Sunday saw us travelling for 14 hours on roads that were sometimes less than forgiving. Sometimes going fast, sometimes bumping around. I must admit that after 14 hours I was beginning to loose the will to live. I’m sure that Mark and Andy, my new found companions, felt very much the same.
Mark and Andy had arrived on Saturday morning before me. In fact by the time I had nearly missed my plane in Nairobi, Kenya, they were in Lusaka already waiting for me. To be honest, when I arrived I hardly felt human. The day before I’d come from Western Kenya, but then met up with a friend, Michael Bolding who is working with CLEAR in Kenya. We had a chat, went to feed some Giraffes (a very fun experience – never been kissed by a Giraffe before!), chatted some more and then went to Carnivore, which is a restaurant I had heard about from many people. It was great, but after getting up about 5am (again!) I was completely tired by the time I got back to where I was staying.
So, on the Saturday when I arrived in Lusaka, I was not feeling the best. When Mark’s bag did not turn up, it was almost an invitation to stay in Lusaka overnight, rather than the Copperbelt. Although that did lead to the gruelling 14 hour drive.
Our destination was Nyamgombe Christian Training Centre. Quite a remarkable place and where some quite outstanding missionaries Gordon and Cybil McKillop reside. Their mission is a base for all kinds of activity and training that goes on in the area. Imagine driving for 7 hours through small villages and bad roads and then suddenly coming across a place with power, guest houses, workshops and the like. Quite an oasis.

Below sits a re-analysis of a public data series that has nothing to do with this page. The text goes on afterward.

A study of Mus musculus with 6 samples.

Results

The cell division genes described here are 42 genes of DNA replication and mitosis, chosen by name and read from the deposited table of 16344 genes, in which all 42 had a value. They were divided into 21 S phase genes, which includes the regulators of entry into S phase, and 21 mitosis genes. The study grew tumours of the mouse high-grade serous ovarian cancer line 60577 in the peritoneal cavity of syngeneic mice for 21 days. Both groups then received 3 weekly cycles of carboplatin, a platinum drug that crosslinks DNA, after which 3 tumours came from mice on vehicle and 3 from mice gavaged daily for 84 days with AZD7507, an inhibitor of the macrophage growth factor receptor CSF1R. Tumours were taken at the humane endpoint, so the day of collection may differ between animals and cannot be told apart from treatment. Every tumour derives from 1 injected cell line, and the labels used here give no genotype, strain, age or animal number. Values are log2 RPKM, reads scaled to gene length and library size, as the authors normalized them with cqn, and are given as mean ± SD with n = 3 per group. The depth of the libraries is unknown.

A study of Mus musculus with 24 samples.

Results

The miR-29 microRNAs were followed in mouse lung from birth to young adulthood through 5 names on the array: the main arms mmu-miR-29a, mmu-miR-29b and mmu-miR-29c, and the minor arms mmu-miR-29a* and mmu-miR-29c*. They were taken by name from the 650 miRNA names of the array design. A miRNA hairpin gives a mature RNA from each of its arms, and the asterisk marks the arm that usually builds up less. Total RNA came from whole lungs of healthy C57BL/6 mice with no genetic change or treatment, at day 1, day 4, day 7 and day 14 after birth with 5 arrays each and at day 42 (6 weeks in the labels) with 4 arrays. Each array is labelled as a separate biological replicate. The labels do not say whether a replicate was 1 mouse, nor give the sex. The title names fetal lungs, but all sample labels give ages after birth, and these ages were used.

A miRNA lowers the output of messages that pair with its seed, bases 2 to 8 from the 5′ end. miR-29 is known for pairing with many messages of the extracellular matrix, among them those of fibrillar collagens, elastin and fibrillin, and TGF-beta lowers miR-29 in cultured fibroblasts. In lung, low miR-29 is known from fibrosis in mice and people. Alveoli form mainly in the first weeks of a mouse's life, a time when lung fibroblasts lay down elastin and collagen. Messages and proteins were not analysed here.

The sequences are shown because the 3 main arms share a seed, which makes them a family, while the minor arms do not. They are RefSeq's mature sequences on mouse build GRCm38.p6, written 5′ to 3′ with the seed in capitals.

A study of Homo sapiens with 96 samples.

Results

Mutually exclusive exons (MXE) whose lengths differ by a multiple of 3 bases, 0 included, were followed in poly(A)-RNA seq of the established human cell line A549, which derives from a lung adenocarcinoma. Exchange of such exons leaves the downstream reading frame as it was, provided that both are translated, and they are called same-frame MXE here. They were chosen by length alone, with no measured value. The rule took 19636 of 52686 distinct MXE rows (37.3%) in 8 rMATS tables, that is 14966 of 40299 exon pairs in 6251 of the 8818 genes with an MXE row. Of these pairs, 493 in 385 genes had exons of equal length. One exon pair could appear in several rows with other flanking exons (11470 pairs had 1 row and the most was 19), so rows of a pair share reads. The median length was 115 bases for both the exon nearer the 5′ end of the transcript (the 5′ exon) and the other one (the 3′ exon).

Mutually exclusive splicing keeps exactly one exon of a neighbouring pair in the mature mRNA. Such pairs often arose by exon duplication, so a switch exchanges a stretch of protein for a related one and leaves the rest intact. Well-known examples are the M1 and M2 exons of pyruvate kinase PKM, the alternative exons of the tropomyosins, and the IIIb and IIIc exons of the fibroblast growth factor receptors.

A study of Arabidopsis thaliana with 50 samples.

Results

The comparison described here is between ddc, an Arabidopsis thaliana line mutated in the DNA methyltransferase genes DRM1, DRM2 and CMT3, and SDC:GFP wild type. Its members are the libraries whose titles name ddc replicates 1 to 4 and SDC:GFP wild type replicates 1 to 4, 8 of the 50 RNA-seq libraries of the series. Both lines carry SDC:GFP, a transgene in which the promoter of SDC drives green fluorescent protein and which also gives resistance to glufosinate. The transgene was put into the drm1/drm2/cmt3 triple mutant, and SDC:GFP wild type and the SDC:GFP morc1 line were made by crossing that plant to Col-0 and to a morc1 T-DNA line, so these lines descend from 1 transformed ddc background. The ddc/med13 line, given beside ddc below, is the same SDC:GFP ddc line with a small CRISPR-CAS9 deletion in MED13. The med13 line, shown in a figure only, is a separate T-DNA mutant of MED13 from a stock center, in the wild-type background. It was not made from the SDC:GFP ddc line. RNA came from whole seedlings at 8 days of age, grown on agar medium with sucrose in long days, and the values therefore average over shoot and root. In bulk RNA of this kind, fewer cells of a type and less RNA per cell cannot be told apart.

Monday saw a number of church planters come together to meet us. Gordon had very kindly arranged for it to happen. There was about 21 of them, 3 teams that go out into different remote areas planting churches. During the morning we listened, prayed, worshipped and tried to understand their triumphs and challenges. It’s heart rending sometimes to listen to. The main thing I heard was the whole idea that many were discouraged, defeated in the villages. There was a “what can we do attitude” that prevailed.
I began to see the possibilities, I began to see some simple things that can be done. Spending time with the villagers and the churches. Bringing some simple help, making relationships and seeking with them and the church planters to make something that can last for a very long time. That is what I want to try and do with “Life!” (a mission initiative I want to put together progressively over the next few months), that is the goal. I struggle sometimes to see the gap, for example even an organisation like World Vision will work with the Church (or faith based groups as they say – hate that phrase!). However I guess that a secular agenda will very much come on the scene. What happened to Jesus transforming communities, what happened to the power of the Holy Spirit breaking the bondage of Sin and Transforming a Community? So much of what the Church does is simply secular, I am so discouraged by it. I don’t believe for one minute this is what the Church was called to.
In my heart I’m an evangelist. The message of the Gospel is the greatest that mankind has ever received. It is this message with all of it’s consequences that must go forth. My hearts desire it to make that happen, to make it happen in rural Africa, in a continent which I have a love/hate relationship with. Of course, we are not the only people doing this, but there seems to be so little happening in terms of direct input and involvement in the villages. The guys who are planters and evangelists have such a hard time, sleeping anywhere, going anywhere, doing anything. It is these people, the wider rural Church that need to be helped to be the Oaks of Righteousness that we so dearly want to see.
Out here in the bush – I am sick of mission. 🙂 By that I don’t mean the actual work of evangelisation and helping people, I’m sick of all of the rubbish that goes on. I’m sick of the prim and proper attitudes that the church has. I’m sick of the division that happens because of the church. All of the deception, marketing, the industry that surrounds it all with mission organisations – it makes me tired, weary and quite fed up! This isn’t what we were called to, certainly not what I was called to. I just want to get back to helping people know Jesus, encouraging the lowly and helping to make people’s lives better. The kind of stuff that Jesus would do.